Iran may already have five nuclear bombs and may have as many as a dozen by May. Some intelligence estimates, as early as this past October, asserted that Iran could have enough enriched weapons-grade uranium for one bomb within a week and enough for five nuclear bombs within six weeks. It has been more than three months since those estimates were made.

If Iran does have a bomb, why is there little mention of it in the press? The Iranians will probably not want to claim to have the bomb until they have a dozen or so operational ones at diverse locations. It would be foolish to announce one bomb, because the U.S. and Israel would expend considerable effort to find and destroy it — but more bombs in more locations makes this “destroy” effort increasingly complex, if not almost impossible.

The Biden administration has a strong incentive to hide or not reveal the existence of an Iranian bomb because of President Biden’s repeated pledges over the years not to allow the Iranians to have a nuclear bomb on his watch. Barack Obama and Donald Trump made similar pledges when they served as president. If the Biden administration were to acknowledge the existence of the Iranian bomb, the president would be pressured to take action. But what action?

The Israelis have also pledged not to allow Iran to have the bomb — for the simple reason that if Iran has many nuclear bombs, it could mean the end of Israel. It had been assumed that Israeli intelligence was good enough to warn about an Iranian bomb before it was completed — and could be destroyed. Israel and the U.S. had been able to delay the Iranian bomb program in the past by destroying production and research facilities, sabotaging both hardware and software, and assassinating key scientists.

The Iranians have certainly learned from these previous losses and taken measures to make sure their earlier vulnerabilities have been mitigated. Now, there are questions of how good the Mossad (Israeli intelligence) really is given its failure to predict the Hamas strike of Oct. 7. The Israelis are also very much occupied by their current war and are left with fewer resources to take out the Iranian nuclear program. The Israelis have little incentive to announce an Iranian bomb before they have figured out how to stop it.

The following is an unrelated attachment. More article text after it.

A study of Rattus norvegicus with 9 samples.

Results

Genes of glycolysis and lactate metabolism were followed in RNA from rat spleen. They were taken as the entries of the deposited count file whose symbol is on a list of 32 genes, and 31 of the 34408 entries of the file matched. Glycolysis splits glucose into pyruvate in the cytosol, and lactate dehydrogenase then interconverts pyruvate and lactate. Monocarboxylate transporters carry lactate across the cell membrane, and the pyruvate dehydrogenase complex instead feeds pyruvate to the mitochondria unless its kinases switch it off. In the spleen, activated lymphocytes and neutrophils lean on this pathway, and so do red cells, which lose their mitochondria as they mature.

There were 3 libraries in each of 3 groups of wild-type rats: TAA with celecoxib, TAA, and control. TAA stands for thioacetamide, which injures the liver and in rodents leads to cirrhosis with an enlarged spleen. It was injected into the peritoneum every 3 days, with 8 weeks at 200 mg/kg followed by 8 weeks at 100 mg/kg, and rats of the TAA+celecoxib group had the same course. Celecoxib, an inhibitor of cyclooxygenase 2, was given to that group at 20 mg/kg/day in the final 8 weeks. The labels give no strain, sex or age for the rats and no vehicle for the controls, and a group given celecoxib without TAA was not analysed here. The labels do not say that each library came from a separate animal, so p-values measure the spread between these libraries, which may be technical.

The press most often refers to the amount of weapons-grade uranium as a proxy for the number of bombs. Nuclear bombs are produced in a number of sizes. A country can build a larger number of less powerful bombs or fewer more powerful bombs, depending on the targets and objectives. A bomb of the power that leveled Hiroshima, Japan, might be built, using only 16 kilos (35 pounds) of highly enriched uranium. More for a bigger bomb, less for a smaller one.

To build a bomb takes far more than just enriched uranium — which must be fashioned into metal in critical shapes. It also requires a powerful conventional explosive to create the critical mass of uranium, and electronic triggering devices to make it all take place in a fraction of a second. The engineering of a bomb requires a high level of skill — but U.S. engineers were able to do it in 1945, and the necessary knowledge has leaked from the seven known nuclear states in the past 80 years. The Iranians have first-rate physicists and engineers, so there is no doubt they can accomplish the task given enough time and resources.

A country must not only be able to build bombs but to tailor them for delivery. A crude bomb could perhaps be smuggled into a city center in a small truck. A bomb could be hidden on a ship or submarine. A bomb that can be put into a missile, delivered, and exploded at a precise spot takes considerably more engineering skills — but not ones that are beyond Iranian skill sets.

Given what we think we know, it is possible that the Iranians will have as many as a dozen operative bombs by May. At that point, they may feel comfortable announcing it to the world and, perhaps, set one off underground to prove the point. They would almost certainly want to announce their bomb while Mr. Biden is still president, knowing of his dithering and reluctance to take action, rather than gamble on a return of Mr. Trump to the White House.

How many bombs does a country need before it feels protected from an unprovoked attack? Iran and all of the other nuclear powers are making more (or refurbishing — in the case of the U.S. and Russia) bombs each month as an insurance policy.

If, two years from now, both Israel (which has had a nuclear stockpile for decades) and Iran have the capability with enough bombs to destroy each other, it is possible to envision a situation much like the U.S. and Russia had during the Cold War — a stalemate based on mutually assured destruction. And perhaps that could eventually lead to peace.

• Richard W. Rahn is chairman of the Institute for Global Economic Growth and MCon LLC.